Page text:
Luke Perry shared how one attitude adjustment helped him overcome 256 rejections and get his first real acting job.

The world is mourning the death of an icon who lived and breathed ‘90s cool with the passing of Luke Perry at the age of 52.

Perry passed away four days after suffering a massive stroke.

He shot to stardom in 1990 as Dylan McKay on “Beverly Hills 902010." McKay was a bad-boy surfer with an intellectual streak whose soft-spoken intensity was reminiscent of James Dean.


via Alan Light / Flickr

Although he could never truly shake the McKay character, Perry worked consistently after “90210” left the airwaves in 2000. From 2016 until his passing, Perry starred as Archie Andrews’ father on the CW’s “Riverdale” and he's slated to appear in Quentin Tarantino's "Once Upon a Time in Hollywood" which is set for a July release.

In Hollywood, it takes a lot more than talent to make it to the top. If you don’t have the connections, you’ve got to have tenacity and Perry’s was legendary.

In a satellite radio interview posted to YouTube by Sway’s Universe in 2013, Perry shared how his tenacity mixed with cultivating a take-it-or-leave-it attitude helped him overcome 256 rejections and land his role on “90210.”

(Skip ahead to 5:15 to hear the discussion.)

I just kept thinking, I just walked out of a room full of fools. Those people have no idea and you gotta keep telling yourself that because you gotta get back in the room. It's like a horse. You fall of you've gotta keep getting back on. ...

I was really starting to get quite a bit of an attitude at the end. Let’s say audition 250, I just walked in I’m going, ‘I know you’re gonna say no, just say it quickly so I can get to the next place.’

I knew everybody was going to turn me down, so I’m starting to get pissed off about it. And when I came in not expecting anything other than to be asked to leave, they sort of took notice of that and it changed the nature of the work I was doing.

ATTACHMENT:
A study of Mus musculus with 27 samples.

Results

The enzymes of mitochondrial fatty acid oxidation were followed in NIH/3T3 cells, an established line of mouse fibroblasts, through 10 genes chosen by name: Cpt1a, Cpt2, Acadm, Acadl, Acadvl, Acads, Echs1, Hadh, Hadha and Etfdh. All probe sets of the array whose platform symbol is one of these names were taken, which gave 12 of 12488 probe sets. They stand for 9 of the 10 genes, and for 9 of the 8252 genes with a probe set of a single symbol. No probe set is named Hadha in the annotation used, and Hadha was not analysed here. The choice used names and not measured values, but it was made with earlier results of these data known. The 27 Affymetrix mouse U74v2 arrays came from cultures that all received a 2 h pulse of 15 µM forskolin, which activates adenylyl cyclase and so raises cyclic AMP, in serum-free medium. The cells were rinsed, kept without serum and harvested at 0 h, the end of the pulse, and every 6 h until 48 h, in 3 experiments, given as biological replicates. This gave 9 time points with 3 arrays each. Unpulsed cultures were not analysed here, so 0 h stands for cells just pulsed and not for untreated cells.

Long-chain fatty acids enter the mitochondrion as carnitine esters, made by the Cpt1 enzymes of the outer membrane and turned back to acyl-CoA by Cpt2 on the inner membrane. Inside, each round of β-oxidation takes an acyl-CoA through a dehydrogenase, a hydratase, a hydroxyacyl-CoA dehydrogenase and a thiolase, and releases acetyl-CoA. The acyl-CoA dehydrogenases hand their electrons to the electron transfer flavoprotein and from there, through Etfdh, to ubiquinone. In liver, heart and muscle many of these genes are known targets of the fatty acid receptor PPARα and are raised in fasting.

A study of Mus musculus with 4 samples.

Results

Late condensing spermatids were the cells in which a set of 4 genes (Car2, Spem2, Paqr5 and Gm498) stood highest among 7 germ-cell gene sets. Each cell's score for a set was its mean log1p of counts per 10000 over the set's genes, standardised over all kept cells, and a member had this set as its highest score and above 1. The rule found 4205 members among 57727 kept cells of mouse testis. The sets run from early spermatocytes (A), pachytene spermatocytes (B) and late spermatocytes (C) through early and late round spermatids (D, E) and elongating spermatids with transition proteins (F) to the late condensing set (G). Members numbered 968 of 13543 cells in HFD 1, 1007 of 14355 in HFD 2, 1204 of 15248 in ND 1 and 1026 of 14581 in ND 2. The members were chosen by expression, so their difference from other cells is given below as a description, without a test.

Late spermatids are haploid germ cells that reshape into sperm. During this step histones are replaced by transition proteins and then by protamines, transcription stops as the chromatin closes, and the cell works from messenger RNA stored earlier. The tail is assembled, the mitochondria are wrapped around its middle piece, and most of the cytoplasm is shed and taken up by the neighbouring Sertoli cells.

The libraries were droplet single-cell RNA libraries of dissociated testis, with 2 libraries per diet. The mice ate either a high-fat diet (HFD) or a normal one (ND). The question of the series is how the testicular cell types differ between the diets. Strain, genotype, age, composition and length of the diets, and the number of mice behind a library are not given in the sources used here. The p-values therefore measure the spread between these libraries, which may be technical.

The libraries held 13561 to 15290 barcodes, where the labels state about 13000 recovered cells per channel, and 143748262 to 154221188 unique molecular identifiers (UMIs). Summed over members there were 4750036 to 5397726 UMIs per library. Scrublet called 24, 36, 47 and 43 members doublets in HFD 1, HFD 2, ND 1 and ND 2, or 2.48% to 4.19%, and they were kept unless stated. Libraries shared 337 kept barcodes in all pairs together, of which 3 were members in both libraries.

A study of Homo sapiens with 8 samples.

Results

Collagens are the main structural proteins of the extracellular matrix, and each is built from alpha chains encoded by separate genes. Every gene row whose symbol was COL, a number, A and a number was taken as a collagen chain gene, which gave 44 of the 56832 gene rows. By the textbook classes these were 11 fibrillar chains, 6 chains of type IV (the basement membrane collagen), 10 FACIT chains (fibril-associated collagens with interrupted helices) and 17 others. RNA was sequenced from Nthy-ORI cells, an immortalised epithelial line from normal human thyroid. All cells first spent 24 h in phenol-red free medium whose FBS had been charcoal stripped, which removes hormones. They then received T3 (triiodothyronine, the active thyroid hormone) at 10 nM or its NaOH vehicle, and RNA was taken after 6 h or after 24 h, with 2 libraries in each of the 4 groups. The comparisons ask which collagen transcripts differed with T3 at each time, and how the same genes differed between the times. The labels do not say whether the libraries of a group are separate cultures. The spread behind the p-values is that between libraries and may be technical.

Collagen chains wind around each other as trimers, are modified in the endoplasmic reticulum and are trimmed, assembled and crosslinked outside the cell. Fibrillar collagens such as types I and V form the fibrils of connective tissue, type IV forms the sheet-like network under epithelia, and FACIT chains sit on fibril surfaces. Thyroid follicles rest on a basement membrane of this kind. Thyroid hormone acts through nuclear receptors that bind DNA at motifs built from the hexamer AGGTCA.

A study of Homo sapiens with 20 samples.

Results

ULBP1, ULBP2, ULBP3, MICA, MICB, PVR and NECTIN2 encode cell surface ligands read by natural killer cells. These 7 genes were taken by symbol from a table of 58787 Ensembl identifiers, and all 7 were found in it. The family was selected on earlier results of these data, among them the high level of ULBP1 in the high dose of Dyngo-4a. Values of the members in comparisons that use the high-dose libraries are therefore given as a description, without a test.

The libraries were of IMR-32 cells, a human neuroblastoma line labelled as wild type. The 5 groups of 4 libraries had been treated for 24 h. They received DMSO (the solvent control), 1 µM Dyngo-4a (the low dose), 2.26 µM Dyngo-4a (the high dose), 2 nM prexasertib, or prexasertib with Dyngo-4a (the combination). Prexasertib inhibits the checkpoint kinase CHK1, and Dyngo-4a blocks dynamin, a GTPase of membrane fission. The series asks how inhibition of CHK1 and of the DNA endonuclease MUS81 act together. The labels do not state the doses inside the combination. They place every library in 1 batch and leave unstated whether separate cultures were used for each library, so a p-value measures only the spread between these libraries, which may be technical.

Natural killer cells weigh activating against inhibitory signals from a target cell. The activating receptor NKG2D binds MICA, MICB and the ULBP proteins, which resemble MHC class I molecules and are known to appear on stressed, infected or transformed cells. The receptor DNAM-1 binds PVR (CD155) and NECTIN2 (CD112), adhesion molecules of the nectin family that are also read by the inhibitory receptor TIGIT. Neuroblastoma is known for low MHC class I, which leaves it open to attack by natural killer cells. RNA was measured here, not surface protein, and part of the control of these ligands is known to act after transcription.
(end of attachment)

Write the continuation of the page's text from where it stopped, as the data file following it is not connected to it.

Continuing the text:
I wasn't going in trying to be the guy they wanted. I said, 'Here's what I do and if you want this, you call me. If you don't want this you call somebody else. And I'm out.'

That enabled me to have the confidence to go in and it allowed me to feel like I was doing my work. I wasn't trying to serve whatever idea they thought it was and that's how I got 90210 and that's what Aaron [Spelling] responded to. I wasn't trying to do it like everyone else. I just said, ‘This is what I do — yes, no — I don’t care.’

Chewy, the pet retailer who has dedicated themselves to supporting shelters and rescues throughout the country, recognized the important work of a couple in Tampa, FL who have been taking professional photos of shelter pets to help get them adopted.

"If it's a photo of a scared animal, most people, subconsciously or even consciously, are going to skip over it," pet photographer Adam Goldberg says. "They can't visualize that dog in their home."

Adam realized the importance of quality shelter photos while working as a social media specialist for the Humane Society of Broward County in Fort Lauderdale, Florida.

"The photos were taken top-down so you couldn't see the size of the pet, and the flash would create these red eyes," he recalls. "Sometimes [volunteers] would shoot the photos through the chain-link fences."

That's why Adam and his wife, Mary, have spent much of their free time over the past five years photographing over 1,200 shelter animals to show off their unique personalities to potential adoptive families. The Goldbergs' wonderful work was recently profiled by Chewy in the video above entitled, "A Day in the Life of a Shelter Pet Photographer."

Vanna White appeared on "The Price Is Right" in 1980.

Vanna White has been a household name in the United States for decades, which is kind of hilarious when you consider how she gained her fame and fortune. Since 1982, the former model and actress has made millions walking back and forth turning letters (and later simply touching them—yay technology) on the game show "Wheel of Fortune."

That's it. Walking back and forth in a pretty evening gown, flipping letters and clapping for contestants. More on that job in a minute…

As a member of Gen X, television game shows like "Wheel of Fortune" and "The Price is Right" send me straight back to my childhood. Watching this clip from 1980 of Vanna White competing on "The Price is Right" two years before she started turning letters on "Wheel of Fortune" is like stepping into a time machine. Bob Barker's voice, the theme music, the sound effects—I swear I'm home from school sick, lying on the ugly flowered couch with my mom checking my forehead and bringing me Tang.

This video has it all: the early '80s hairstyles, a fresh-faced Vanna White and Bob Barker's casual sexism that would never in a million years fly today.